Nine out of 10 young NI criminals reoffend

Young offenders released from custody in NI are likely to reoffend, according to the audit office. Credit: UTV

A call has been made for urgent action after the latest figures showed nine out of 10 young offenders released from custody in Northern Ireland go on to reoffend.

According to the audit office, repeat criminals account for 70% of all youth crime and disorder and the rate of reoffending has been on the rise since 2010/11.

Comptroller and auditor general Kieran Donnelly called for a specific strategy to guide the Executive in youth justice policy and help co-ordinate the delivery of services.

He also said youth conferencing - learning first-hand from the victims of their offences about the harm their behaviour has caused - may not be appropriate for the most prolific cases.

89%
Percentage of young offenders who relapsed into crime after release, in 2013/14 stats

The audit office said: “Reducing reoffending by young people requires significant political and cross-department support to be successful.

“In practice, this will require public bodies to work collaboratively and to maintain their engagement with partners in single outcome agreements.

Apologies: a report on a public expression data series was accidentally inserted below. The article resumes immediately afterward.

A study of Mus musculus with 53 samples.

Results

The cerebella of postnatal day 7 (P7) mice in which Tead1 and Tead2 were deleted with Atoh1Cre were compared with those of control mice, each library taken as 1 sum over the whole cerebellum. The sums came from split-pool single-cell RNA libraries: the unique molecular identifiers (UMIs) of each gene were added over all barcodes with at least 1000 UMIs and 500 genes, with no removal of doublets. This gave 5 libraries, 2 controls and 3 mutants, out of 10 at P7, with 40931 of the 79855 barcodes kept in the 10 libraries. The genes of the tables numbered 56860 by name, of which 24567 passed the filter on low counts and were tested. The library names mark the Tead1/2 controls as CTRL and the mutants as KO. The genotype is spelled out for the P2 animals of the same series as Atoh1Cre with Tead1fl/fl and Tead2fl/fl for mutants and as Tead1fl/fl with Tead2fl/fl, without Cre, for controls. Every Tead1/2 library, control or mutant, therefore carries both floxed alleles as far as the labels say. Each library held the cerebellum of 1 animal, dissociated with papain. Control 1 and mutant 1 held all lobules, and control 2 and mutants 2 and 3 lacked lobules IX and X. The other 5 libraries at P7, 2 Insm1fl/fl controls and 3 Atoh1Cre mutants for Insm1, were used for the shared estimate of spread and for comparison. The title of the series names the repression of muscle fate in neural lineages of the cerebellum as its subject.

“They must work effectively, not only with traditional partners in the criminal justice system, but also with key departments and agencies in health, education and housing.”

£324,00
Average cost per occupant each year in the Juvenile Justice Centre

While young offenders were more likely to commit another misdemeanour within the first month of release than any other group, the number of offences committed by young people has been reducing in recent years.

Northern Ireland Commissioner for Children and Young People, Koulla Yiasouma, said: “It seems youth justice has been put on the Government's long finger.

“We now need urgent and sustained action from Government following today’s report and we expect departments to fulfil their duties under the Children’s Services Co-operation Act, which requires them to work together in the best interests of children.”